Millions of Americans live nowhere near a hospital, jeopardizing their lives

Posted August 3

As a nurse practitioner, Wanda Liddell knew it was a medical emergency when she saw one of her patients struggling to breathe last month. But in her backcountry town of Cross City, Florida, the ambulance took 30 minutes to arrive. Even worse, it was another 45 miles to the nearest hospital.

Liddell faces this situation often and always wonders, what if?

She is one of many medical providers working in towns 30 miles or more from a hospital, a distance that can make the difference between life or death.

The recent debates over the Affordable Health Care Act raised concerns that millions of Americans could lose access to health care. But already, there are many Americans who live in areas where critical-care services are lacking.

A recent study estimates that nearly 30 million Americans don't live within an hour of trauma care. And a CNN analysis found that residents living in 16% of the mainland United States are 30 miles or more away from the nearest hospital.

Dr. Jeremy Brown, director of the National Institute of Health's Office of Emergency Care Research, said treatments for heart attacks and strokes are most effective when done quickly.

"Every minute that you can get the patient into treatment sooner will represent some brain cells that are saved," he said.

In fact, the rate of accidental deaths -- adjusted for age -- was nearly 50% higher in rural versus urban areas from 1999 to 2015, according to data from the Center for Disease Control and Prevention. The CDC says distance to emergency rooms was a key factor.

The problem has been exacerbated as rural hospitals struggle to stay open. Since 2010, 81 rural hospitals have closed in the United States, according to a rural health research program at the University of North Carolina. Another 673 rural hospitals are vulnerable to shutting down.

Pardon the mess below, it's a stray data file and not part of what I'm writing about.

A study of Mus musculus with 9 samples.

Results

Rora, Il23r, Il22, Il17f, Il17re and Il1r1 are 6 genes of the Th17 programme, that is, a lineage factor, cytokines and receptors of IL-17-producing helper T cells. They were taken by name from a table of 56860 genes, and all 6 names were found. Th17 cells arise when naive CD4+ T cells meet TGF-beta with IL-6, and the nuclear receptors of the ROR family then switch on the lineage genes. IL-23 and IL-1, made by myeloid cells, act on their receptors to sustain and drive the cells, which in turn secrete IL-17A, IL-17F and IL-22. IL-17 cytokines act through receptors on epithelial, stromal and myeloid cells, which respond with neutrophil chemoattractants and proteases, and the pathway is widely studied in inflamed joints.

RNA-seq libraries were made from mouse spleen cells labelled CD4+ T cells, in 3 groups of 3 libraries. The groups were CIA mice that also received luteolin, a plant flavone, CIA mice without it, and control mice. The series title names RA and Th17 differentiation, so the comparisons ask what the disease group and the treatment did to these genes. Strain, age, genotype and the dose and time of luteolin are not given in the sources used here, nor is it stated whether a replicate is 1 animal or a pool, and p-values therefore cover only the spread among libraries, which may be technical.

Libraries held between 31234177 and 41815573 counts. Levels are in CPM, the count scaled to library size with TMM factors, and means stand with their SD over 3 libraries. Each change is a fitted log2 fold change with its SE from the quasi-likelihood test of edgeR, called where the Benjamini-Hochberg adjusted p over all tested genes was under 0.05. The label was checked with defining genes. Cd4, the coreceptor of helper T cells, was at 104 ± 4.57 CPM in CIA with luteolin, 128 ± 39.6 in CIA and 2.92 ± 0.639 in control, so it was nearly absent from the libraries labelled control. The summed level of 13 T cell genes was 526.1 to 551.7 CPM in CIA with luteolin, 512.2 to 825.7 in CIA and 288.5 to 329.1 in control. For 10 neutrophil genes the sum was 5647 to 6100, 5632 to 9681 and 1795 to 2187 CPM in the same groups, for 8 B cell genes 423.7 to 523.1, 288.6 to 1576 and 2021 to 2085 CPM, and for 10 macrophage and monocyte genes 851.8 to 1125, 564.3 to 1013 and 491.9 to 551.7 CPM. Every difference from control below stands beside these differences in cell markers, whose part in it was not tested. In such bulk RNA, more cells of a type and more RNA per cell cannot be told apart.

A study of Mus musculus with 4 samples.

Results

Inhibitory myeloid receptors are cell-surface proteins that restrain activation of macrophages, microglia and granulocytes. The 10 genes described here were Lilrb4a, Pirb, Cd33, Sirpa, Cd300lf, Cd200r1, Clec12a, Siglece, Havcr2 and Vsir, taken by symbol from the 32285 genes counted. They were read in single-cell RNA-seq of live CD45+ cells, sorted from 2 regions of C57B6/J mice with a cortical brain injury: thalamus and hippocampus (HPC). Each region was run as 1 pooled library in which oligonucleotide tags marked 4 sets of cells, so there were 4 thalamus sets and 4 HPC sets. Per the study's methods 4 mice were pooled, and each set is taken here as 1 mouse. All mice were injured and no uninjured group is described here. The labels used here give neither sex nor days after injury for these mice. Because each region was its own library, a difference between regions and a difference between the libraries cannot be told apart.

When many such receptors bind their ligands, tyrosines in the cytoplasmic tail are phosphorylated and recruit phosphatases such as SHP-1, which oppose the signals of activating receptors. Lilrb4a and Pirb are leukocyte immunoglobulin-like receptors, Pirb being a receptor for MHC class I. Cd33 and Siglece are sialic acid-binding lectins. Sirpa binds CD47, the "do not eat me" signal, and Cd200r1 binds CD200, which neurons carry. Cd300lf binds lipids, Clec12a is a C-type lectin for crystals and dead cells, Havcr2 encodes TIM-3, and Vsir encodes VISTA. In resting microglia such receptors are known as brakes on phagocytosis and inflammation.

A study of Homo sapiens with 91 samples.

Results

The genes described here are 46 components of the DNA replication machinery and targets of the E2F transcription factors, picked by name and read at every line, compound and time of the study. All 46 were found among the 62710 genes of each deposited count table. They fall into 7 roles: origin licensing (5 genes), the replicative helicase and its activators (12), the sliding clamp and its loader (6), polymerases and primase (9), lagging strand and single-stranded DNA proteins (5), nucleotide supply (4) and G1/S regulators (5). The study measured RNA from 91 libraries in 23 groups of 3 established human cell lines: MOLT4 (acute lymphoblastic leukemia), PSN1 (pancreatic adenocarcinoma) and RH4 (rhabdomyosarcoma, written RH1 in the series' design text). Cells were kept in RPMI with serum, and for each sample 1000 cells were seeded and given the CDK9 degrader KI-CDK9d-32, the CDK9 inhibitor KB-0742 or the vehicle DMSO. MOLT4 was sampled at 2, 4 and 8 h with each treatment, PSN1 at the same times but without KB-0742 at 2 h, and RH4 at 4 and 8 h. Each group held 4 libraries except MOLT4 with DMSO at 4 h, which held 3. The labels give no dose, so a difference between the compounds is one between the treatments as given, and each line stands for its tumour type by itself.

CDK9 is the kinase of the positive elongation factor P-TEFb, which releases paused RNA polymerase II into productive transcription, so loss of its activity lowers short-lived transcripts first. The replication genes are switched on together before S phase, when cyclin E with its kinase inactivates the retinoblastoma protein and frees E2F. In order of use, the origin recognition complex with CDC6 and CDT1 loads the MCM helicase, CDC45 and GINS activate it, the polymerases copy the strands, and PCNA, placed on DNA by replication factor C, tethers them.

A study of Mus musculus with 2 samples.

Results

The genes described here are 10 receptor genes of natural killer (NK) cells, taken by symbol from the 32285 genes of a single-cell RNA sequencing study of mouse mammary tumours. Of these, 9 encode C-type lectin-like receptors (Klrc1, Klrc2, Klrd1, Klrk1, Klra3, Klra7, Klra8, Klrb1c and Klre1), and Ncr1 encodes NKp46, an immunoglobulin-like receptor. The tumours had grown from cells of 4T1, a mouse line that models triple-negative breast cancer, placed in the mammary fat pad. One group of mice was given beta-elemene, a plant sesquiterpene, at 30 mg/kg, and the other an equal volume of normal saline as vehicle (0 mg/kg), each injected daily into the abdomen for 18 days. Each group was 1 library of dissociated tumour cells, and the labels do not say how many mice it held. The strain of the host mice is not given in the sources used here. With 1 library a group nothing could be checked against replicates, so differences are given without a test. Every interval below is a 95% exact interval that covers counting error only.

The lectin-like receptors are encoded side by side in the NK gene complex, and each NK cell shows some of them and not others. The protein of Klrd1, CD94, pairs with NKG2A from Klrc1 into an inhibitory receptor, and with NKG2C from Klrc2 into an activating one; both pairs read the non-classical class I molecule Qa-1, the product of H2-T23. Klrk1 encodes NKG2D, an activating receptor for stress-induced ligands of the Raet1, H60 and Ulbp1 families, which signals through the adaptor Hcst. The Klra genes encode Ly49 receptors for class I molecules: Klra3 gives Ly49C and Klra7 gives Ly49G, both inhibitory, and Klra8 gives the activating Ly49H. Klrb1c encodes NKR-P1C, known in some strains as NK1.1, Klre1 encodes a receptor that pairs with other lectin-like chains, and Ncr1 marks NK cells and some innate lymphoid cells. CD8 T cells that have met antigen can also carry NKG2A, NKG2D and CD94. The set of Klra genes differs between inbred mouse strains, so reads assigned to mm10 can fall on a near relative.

Areas without hospitals are called "hospital deserts." The deserts are biggest in western states. In Nevada, for instance, there are only 13 hospitals providing critical-care services to rural areas.

The 2,400 residents of Tonopah, Nevada, who live halfway between Las Vegas and Reno, must travel more than 100 miles to get to a hospital. It was one of the most extreme examples that CNN found outside of Alaska.

Jessica Thompson, a registered nurse there, has family roots in the community dating back more than a century.

"I've been told multiple times that's what I get for (choosing) to live in rural Nevada and that really upsets me, because that isn't the choice I made. I was born in a hospital and I had a hospital my entire life up until two years ago," she said.

In 2015, the town's only hospital, Nye Regional Medical Center, closed after years of financial problems. The nearest hospital, Mount Grant General Hospital in Hawthorne, is now 104 miles northwest.

Thompson worked at the hospital before it closed. She said the loss of the hospital was devastating, evoking lots of emotion.

"People angry, people sad, people scared," she said. "You know the fear of, 'Will I make it to another facility if something bad happens?'"

Irene Carlyle said she and her husband moved from Los Angeles in 2005, hoping to stay in Tonopah. But now she doesn't know if that will happen.

"We're both on Medicare," she said. "I said (to my husband), 'You know at some point we're going to have to move.' It's going to come. I mean at some point you get sick."

Last year, the nonprofit Renown Medical Group began leasing space to provide primary care services, but for now there are no immediate urgent care options.

Other parts of the country are dealing with similar problems, including pockets of Florida, Texas and New York.

A report last year by the Henry J. Kaiser Family Foundation predicts that the problem will worsen as more rural hospitals are likely to shut down. This is in part because rural towns are losing population and becoming poorer.

Republican hopes to repeal and replace Obamacare could make the problem much worse, experts say, if millions of American lose their health insurance. That would put even more pressure on rural hospitals.

Some in Congress have proposed efforts to try to save rural hospitals. A bipartisan group of Senators led by Iowa's Republican Sen. Charles Grassley introduced a bill that would change Medicare rules to allow rural hospitals to have an emergency room and outpatient care, without the need for hospital beds.

"A car accident or a heart attack is dangerous under the best of circumstances, but it's a lot more dangerous for someone who's far away from an emergency room," Grassley said. "When a rural hospital closes, its emergency room closes with it."

Thompson, the nurse in Tonopah, believes something needs to be done.

"There's a lot of people out in the rural community who feel like they've been forgotten," she said.